Other Opinion: Helmets save lives of motorcyclists
Nineteen states and the District of Columbia require all motorcyclists and passengers to wear helmets when riding.
Minnesota is not one of those states. When riding a motorcycle it is your choice to wear or not wear a helmet. The exception is for everyone under the age of 18, or operators of any age with a learner's permit: They are required by state law to wear a helmet.
In light of a recent spate of motorcycle fatalities in the area, we urge anyone who gets on a motorcycle to think seriously about wearing a helmet. Helmets save lives, and the statistics prove it.
Again, it's your choice under Minnesota law. But let's look at some numbers from the Minnesota Department of Public Safety:
• In 2018, there were 13 percent fewer crashes involving a motorcycle than the previous year, but 9 percent more fatalities, from 53 deaths the year before to 58 deaths in 2018.
• In 2018, only 15 of the 58 (28 percent) riders who were killed were wearing a helmet, while 69 percent of the riders killed were not wearing a helmet.
• In 2018, 59 percent of fatalities were older than 40.
It's a safe bet that every single one of those 58 motorcycle deaths last year left behind grieving loved ones — spouses, children, extended families, neighbors, work colleagues. They also likely saddled those survivors with extensive medical and funeral bills.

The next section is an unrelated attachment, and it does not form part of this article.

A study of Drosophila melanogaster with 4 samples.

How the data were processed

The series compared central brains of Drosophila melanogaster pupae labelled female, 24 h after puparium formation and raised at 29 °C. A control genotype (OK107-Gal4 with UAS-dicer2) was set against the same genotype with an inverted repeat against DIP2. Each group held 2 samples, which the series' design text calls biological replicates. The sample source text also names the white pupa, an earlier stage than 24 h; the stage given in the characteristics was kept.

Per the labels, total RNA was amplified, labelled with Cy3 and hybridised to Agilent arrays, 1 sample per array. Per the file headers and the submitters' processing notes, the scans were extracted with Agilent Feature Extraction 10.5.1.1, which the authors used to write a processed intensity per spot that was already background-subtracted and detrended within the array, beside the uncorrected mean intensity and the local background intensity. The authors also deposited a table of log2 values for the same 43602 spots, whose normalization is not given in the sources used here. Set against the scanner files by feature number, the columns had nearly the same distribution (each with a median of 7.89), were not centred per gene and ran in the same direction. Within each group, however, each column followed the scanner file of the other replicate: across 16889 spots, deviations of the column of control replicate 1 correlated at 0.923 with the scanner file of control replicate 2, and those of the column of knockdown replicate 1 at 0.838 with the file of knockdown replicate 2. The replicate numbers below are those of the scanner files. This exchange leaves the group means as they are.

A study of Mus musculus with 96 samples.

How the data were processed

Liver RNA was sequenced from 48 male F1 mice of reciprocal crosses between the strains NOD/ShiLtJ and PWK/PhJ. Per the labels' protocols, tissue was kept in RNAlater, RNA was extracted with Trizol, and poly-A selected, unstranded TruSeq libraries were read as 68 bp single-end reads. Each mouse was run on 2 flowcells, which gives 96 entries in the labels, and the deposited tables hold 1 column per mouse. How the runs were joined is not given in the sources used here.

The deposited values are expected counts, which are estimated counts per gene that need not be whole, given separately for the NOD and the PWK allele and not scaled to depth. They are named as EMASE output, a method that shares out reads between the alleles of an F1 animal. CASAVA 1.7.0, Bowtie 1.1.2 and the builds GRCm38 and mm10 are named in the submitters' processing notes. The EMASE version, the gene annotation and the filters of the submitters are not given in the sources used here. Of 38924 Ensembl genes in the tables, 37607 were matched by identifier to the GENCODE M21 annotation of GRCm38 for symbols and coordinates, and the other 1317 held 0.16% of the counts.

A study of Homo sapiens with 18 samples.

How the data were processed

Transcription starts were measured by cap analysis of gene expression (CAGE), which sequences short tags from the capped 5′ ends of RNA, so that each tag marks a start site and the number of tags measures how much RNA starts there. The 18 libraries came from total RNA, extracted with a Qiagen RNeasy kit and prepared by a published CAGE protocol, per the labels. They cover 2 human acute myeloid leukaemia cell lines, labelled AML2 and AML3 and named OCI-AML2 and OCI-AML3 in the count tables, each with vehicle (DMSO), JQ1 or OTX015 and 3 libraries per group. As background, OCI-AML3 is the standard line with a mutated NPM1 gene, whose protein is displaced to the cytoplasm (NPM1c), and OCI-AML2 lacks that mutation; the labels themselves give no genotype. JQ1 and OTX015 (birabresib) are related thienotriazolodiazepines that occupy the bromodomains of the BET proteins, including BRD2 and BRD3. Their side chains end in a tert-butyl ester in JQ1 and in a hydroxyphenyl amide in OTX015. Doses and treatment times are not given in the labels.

Is that really worth feeling the wind blow through your hair?
To many riders, it is worth the gamble. Motorcycle riders are a part of a community and culture. They share comradeship with fellow riders as they travel scenic roads, taking in the sights, sounds and smells of the environment.
It's all about freedom, including the freedom not to wear a helmet.
We get that. But we also know that freedom doesn't mean much when your head is crushed, leading to death or a lifelong traumatic brain injury.
The Centers for Disease Control and Prevention has stated that laws requiring motorcyclists to wear helmets are "the single most effective way for states to save lives and money."
Minnesota hasn't taken that step yet, and is probably not likely to in the near future.
That's why we consider it important that motorcycle riders take it upon themselves to keep the activity they love as safe as possible.
Please, if not for yourself, then for those who care about you, wear a helmet when riding a motorcycle.